There is a great societal debate going on in Quebec with the National Assembly’s recent adoption of the Act respecting the laicity of the State, which regulates the wear of religious symbols at the government level. The province’s highest court contributed to the debate with its recent decision in Singh c. Montréal Gateway Terminals Partnership, which particularly affects federally-regulated businesses.
In this case, freedom to wear religious symbols is pitted against an employer’s legal obligations to ensure and maintain occupational health and safety. The Quebec Court of Appeal affirmed a Superior Court judgment which held that occupational health and safety prevails over religious freedom, at least in this matter.
Three Sikh employees sued a third-party federally-regulated employer for allegedly discriminating against them and infringing on their religious freedom by forcing them to wear a hard hat. The employees considered themselves unable to wear the hard hat due to the turbans their Sikh faith required.
The three employees are truckers who, as part of their work, drive to the Port of Montreal to pick up and deliver merchandise containers. After the federal government passed Bill C-21 in 2004 to amend the Criminal Code, private employers under federal jurisdiction renting space in the Port of Montreal were required to adopt a policy to comply with considerably stricter health and safety obligations.
This policy makes it mandatory for everyone, including employees and third parties, to wear a hard hat while circulating outside a building or vehicle. According to the employer, this is required due to the increased risk of head injuries at the Port of Montreal.
The three Sikh employees claim that the policy is discriminatory and infringes on their religious freedom, demanding that their employer accommodate them by allowing them not to wear a hard hat.
The trial judge explained the legal framework applicable to this rather complex case. Since relations between the Sikh employees and the federal employer are purely private, the Canadian Charter of Rights and Freedoms does not apply. However, though the employer is under federal jurisdiction, the Quebec Charter of human rights and freedoms still applies as the remedy sought does not seriously infringe on the exercise of federal jurisdiction. Naturally, the Canadian Human Rights Act also applies.
After establishing the legal framework, the trial judge concluded that the employees had, on the face of it, demonstrated that they had suffered discrimination. But the analysis does not end there. Was the discrimination justified? Is it a justifiable occupational requirement? For the Superior Court, the answer is yes.
Indeed, it has been demonstrated that the obligation to wear protective headgear was adopted for a purpose that is rationally connected to the performance of the job in that it ensures the health and safety of employees and third parties circulating on the premises of the Port of Montreal. This obligation is also limited to time spent outside buildings and vehicles. The trial judge also had no doubts as to the fact that the policy was implemented in good faith to ensure the health and safety of employees and third parties. As such, he concluded that the policy was reasonably necessary for the employer and that its absence would cause the employer undue hardship.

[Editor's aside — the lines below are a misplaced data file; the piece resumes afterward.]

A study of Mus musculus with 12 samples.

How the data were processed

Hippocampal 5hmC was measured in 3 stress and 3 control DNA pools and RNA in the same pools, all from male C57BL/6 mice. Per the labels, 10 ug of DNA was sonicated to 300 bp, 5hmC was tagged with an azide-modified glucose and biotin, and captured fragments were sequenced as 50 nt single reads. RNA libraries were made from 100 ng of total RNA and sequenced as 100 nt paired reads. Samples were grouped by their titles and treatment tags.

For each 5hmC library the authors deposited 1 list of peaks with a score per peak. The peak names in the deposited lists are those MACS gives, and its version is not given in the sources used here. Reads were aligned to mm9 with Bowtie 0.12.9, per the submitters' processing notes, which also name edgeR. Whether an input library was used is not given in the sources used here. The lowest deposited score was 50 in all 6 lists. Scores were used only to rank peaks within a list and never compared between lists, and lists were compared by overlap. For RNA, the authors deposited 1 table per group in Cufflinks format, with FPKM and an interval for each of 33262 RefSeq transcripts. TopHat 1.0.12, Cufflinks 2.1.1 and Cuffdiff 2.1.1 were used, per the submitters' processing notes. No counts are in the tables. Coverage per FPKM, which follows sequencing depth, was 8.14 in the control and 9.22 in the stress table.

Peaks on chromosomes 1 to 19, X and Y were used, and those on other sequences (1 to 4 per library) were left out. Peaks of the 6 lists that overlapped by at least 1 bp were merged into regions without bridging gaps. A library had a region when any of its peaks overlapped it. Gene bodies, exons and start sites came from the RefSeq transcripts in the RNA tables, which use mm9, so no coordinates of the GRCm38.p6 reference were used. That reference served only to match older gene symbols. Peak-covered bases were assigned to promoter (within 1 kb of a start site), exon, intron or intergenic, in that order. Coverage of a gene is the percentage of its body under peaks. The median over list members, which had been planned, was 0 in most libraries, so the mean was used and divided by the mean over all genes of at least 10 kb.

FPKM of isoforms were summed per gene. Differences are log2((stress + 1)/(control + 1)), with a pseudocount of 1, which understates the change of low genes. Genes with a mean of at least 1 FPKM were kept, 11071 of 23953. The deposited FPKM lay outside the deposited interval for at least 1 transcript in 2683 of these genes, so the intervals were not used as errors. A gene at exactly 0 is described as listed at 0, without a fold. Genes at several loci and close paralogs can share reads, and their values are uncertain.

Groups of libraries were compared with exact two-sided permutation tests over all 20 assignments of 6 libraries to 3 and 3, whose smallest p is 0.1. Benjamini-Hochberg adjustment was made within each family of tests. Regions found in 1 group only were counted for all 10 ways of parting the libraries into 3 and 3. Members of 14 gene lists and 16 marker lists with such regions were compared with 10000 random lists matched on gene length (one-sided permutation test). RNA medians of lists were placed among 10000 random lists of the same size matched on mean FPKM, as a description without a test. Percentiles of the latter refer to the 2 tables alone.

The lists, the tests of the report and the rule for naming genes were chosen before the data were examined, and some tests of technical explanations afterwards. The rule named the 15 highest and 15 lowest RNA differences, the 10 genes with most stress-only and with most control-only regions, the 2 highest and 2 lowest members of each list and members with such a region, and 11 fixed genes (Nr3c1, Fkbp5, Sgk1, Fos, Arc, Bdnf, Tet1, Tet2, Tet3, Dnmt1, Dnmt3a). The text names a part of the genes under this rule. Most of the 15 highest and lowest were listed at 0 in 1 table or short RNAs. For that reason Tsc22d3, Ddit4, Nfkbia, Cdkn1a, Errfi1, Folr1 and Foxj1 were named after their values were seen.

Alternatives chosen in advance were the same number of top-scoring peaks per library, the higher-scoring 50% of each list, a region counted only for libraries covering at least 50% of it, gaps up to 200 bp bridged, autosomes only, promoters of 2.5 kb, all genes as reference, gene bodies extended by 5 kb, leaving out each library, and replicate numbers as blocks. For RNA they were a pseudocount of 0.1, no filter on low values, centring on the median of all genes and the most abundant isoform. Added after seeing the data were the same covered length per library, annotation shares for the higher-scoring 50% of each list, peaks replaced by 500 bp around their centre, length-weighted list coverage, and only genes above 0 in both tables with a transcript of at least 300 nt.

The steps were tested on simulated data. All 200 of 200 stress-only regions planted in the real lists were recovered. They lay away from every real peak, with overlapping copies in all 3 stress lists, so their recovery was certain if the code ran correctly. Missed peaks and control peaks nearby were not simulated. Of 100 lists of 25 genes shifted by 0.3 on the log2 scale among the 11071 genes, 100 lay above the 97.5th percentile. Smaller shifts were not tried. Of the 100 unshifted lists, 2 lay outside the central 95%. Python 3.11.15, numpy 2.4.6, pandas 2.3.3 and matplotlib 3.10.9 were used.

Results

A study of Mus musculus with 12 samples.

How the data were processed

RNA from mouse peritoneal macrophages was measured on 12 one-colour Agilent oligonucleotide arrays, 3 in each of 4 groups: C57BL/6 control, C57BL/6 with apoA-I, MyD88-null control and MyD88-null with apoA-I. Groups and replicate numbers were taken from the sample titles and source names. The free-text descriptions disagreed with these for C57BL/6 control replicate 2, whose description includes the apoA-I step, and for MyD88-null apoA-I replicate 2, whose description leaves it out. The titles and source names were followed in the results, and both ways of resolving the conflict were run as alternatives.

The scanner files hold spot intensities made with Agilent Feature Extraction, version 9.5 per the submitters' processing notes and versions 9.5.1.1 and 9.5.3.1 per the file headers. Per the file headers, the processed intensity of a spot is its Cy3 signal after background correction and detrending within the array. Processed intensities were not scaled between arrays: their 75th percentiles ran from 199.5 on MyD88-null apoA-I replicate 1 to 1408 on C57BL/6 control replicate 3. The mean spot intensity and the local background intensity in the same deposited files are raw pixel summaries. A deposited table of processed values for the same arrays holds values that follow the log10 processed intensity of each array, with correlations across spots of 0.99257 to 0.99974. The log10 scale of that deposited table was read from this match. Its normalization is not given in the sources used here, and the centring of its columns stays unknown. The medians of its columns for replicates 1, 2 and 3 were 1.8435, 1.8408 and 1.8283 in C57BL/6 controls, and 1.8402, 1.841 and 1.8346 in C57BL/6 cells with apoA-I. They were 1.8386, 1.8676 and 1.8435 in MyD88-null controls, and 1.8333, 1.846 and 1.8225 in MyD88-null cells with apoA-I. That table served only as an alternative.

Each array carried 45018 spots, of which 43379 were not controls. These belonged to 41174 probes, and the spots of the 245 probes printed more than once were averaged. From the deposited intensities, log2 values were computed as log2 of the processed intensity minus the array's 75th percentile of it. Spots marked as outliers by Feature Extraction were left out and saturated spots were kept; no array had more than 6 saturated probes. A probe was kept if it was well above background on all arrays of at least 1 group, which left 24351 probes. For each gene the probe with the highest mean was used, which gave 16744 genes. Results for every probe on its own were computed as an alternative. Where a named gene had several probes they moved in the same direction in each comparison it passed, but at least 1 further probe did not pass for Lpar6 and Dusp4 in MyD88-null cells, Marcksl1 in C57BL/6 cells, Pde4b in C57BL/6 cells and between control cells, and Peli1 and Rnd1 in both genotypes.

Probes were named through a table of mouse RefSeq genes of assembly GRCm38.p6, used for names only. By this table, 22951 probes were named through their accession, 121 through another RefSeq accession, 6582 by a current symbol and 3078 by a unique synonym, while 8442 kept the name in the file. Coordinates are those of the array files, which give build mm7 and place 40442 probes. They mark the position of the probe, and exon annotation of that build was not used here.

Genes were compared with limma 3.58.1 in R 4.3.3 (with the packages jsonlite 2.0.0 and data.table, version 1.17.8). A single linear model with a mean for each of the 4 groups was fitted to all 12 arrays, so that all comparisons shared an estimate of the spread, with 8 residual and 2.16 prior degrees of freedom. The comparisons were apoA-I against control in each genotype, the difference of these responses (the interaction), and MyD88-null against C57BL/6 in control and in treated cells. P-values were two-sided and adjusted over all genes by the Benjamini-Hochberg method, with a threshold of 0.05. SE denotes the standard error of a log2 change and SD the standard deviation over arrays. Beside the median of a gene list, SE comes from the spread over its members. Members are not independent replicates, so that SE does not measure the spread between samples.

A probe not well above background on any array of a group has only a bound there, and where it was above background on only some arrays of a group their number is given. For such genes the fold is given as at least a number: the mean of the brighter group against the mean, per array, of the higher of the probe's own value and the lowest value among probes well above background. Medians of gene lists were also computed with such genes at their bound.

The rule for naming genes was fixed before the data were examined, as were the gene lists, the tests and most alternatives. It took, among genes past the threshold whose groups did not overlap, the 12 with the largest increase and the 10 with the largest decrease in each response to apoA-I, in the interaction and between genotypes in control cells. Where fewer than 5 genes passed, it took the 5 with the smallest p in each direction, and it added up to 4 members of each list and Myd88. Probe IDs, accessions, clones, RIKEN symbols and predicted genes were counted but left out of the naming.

The Superior Court’s analysis on this last point is interesting. It takes into account a temporary accommodation measure that had been implemented by the employer for three years allowing Sikh truckers not to wear hard hats if they remained inside their trucks at all times. This accommodation was, however, rejected by the three employees as it lengthened wait times at the Port of Montreal, and was finally abandoned by the employer due to its lack of economic and organizational viability.
The trial judge also reiterates that the duty to accommodate is not unilateral in such circumstances. Indeed, the three plaintiffs had to actively take part in the search for a solution. Having failed to collaborate during the implementation of the first accommodation measure, which was in place for three years, they cannot now request another less restrictive measure for the employer, who is complying with occupational health and safety requirements.
Court of Appeal Decision
In its judgment issued on September 12, 2019, the Court of Appeal fully endorsed the trial decision. The province’s highest court stressed the employee’s duty to actively participate in the search for a solution with regard to accommodation. The Court also reiterated the importance for employers to ensure the health and safety of their employees and of third parties circulating on their premises. These obligations prevail over infringement on religious freedom, the adverse effects of which are only temporary and time-limited in this case.
Although decided in part under the Quebec Charter of human rights and freedoms, a similar analysis may apply under human rights legislation in other Canadian provinces. In Ontario, for example, human rights legislation requires employers to accommodate employees on the basis of religion to the point of undue hardship. Health and safety issues are one factor that can be considered in determining if a requested accommodation is an undue hardship.
Ultimately, it is important to remember that the task of finding suitable means of accommodation does not lie solely with the employer. Individuals claiming discrimination must actively participate in the search for a solution, which does not have to be perfect. Finally, it is important for employers to implement sound health and safety measures for employees and third parties, even if this may adversely affect certain individuals.